False definitions of debt can hold you back.
As an entrepreneur, you’ve probably read before that there’s “good debt” and there’s “bad debt.” But that’s wrong — “good debt, bad debt” is false. If you truly know what debt is, there’s no such thing as “good debt.” But that doesn’t mean there’s never a good time to borrow money. The problem is confusion about the actual definition of debt. And once you get clarity on the issue, it will free up your mind and allow you to produce on a higher level as an entrepreneur.
How False Definitions of Debt Hold Us Back
Many see borrowing money for big purchases like homes, cars, or to start a business as an evil — although a necessary evil — because it supposedly means going into debt. But this is a dangerous philosophy because now your “evil debt” eats at your conscience. It’s like a monkey on your back constantly telling you, “You can’t feel safe or free or enjoy life until you don’t owe anything to anyone.” And the associated guilt and stress harms your productivity and closes your mind to opportunities.
This false definition of debt is pushed on us from all directions. For example, if you listen to personal finance gurus on TV or on the radio or in books, then you’ve probably been told to avoid borrowing money at all costs. One guru in particular recommends paying for your house in cash up front — something even Facebook billionaire Mark Zuckerberg chose not to do — that’s how much they detest “debt.” While the finance gurus are correct about avoiding debt, they’re also wrong because borrowing money to buy a house does not necessarily put you into debt. Yes, the mortgage is a liability. But you’ve also taken control of an asset, and that can’t be ignored. And if the house is worth more than your mortgage, which is usually the case after making a down payment, then you now have something called “equity,” which is the opposite of debt.
So what is the true definition of debt? In short, debt isn’t owing money, it’s owing more than you own. The only time we are in debt, in the true accounting sense, is when our liabilities are greater than our assets. We do want to avoid true debt (having more liabilities than assets), but we don’t want to avoid incurring liabilities (owing something to someone else) that can be beneficial to our productivity, value creation, and prosperity. In fact, in many instances, the way to increase our prosperity and wealth is to increase — not decrease — our liabilities.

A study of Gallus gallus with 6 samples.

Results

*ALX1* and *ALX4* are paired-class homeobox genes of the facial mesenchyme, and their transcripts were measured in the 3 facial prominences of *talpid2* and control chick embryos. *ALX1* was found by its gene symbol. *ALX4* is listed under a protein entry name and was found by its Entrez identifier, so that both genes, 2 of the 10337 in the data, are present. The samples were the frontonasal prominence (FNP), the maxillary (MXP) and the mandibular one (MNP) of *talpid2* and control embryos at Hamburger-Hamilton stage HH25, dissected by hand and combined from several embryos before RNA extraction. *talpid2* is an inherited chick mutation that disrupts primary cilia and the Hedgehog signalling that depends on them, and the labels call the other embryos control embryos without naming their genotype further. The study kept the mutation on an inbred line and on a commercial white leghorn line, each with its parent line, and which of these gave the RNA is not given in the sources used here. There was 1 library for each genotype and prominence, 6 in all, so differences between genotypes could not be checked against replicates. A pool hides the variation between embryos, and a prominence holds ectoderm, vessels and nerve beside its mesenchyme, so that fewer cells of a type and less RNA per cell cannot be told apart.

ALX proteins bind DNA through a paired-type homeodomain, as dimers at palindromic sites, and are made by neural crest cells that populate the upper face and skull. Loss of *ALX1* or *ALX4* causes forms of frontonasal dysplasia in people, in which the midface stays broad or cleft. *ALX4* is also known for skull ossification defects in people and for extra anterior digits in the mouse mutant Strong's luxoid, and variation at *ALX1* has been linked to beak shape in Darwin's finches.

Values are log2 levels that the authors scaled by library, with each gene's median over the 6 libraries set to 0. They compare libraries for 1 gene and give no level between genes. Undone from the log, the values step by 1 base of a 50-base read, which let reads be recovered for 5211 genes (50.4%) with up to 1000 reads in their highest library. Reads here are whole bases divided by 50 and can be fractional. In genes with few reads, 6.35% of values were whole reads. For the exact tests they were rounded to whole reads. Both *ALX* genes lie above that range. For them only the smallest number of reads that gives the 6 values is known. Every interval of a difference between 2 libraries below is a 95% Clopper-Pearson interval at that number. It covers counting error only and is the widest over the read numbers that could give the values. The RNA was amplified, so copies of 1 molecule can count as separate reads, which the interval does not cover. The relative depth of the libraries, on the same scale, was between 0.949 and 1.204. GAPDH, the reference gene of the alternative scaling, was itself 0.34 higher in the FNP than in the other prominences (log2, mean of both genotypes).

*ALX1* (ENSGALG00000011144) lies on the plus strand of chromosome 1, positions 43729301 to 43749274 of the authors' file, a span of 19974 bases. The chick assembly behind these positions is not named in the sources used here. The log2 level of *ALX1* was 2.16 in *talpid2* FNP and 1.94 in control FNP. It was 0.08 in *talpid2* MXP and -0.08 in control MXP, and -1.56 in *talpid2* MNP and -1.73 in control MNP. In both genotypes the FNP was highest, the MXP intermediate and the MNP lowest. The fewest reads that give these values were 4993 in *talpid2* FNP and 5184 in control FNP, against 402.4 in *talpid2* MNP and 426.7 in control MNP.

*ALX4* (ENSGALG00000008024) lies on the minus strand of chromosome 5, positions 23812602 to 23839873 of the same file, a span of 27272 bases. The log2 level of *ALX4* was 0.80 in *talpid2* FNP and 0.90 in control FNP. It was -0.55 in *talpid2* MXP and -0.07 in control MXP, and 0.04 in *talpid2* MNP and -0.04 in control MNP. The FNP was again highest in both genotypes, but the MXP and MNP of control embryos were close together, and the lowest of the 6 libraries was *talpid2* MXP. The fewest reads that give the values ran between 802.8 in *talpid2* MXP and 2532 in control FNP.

But here’s the catch, and where you may want to be concerned about borrowing money. Not all liabilities are created equal. For example, if you don’t currently have the means to eat at a 5-star restaurant every night, but you do it anyway and put it all on credit, then you’re creating a consumptive liability. You’re digging yourself deeper into debt, with nothing to show for it when the meal is over. If your car is constantly causing you problems, but it’s not paid off yet, it’s a consumptive liability because it’s negatively impacting your productivity. If you borrow to buy new software or equipment for your business, but never implement it, then it’s a consumptive liability. The general rule is, if the liability doesn’t add to your cash flow, then it’s a consumptive liability and is to be avoided.
On the other hand, it’s best to secure as many productive liabilities as you can. That’s because, by definition, they always leave you wealthier than before. Examples of productive liabilities may include education loans, small-business loans, a business line of credit or collateralized business loans. Another example of a productive liability for business owners is payroll. Every month the business owner ends up owing their employees a paycheck or two. But assuming your employees increase your cash flow, this is a good deal. It’s a productive liability.
Is a Mortgage a Productive Liability?
You may have borrowed to pay for the house you live in, and yet your house may not be providing any cash flow. Does that mean it’s not a productive liability? Before you start renting out rooms of your house to create cash flow, realize that your personal mortgage can be a productive liability. If borrowing the money to pay for your house frees up money to invest elsewhere and create more cash flow, then it is indeed a productive liability. That’s exactly why Mark Zuckerberg, the billionaire founder of Facebook, has a 30-year mortgage with a 1.05% interest rate. With such a low interest rate available to him, paying in cash or paying the mortgage off early would simply be irresponsible. There are too many other places he could put the money and earn more than 1%.
How to Turn Your Proper Understanding of Debt into Wealth
When personal finance gurus are encouraging you to get out of “debt” as fast as possible, they’re distracting you from what really matters. Correctly understood, debt is bad, but liabilities are essential to building wealth. Bottom line, it is not necessary to pay off your mortgage as soon as possible if there’s a better use of your money elsewhere. You do not have to feel guilty about borrowing to grow your business. And it’s OK to leverage loans to make investments in your area of expertise.
This article was written by Garrett Gunderson from Forbes and was legally licensed through the NewsCred publisher network.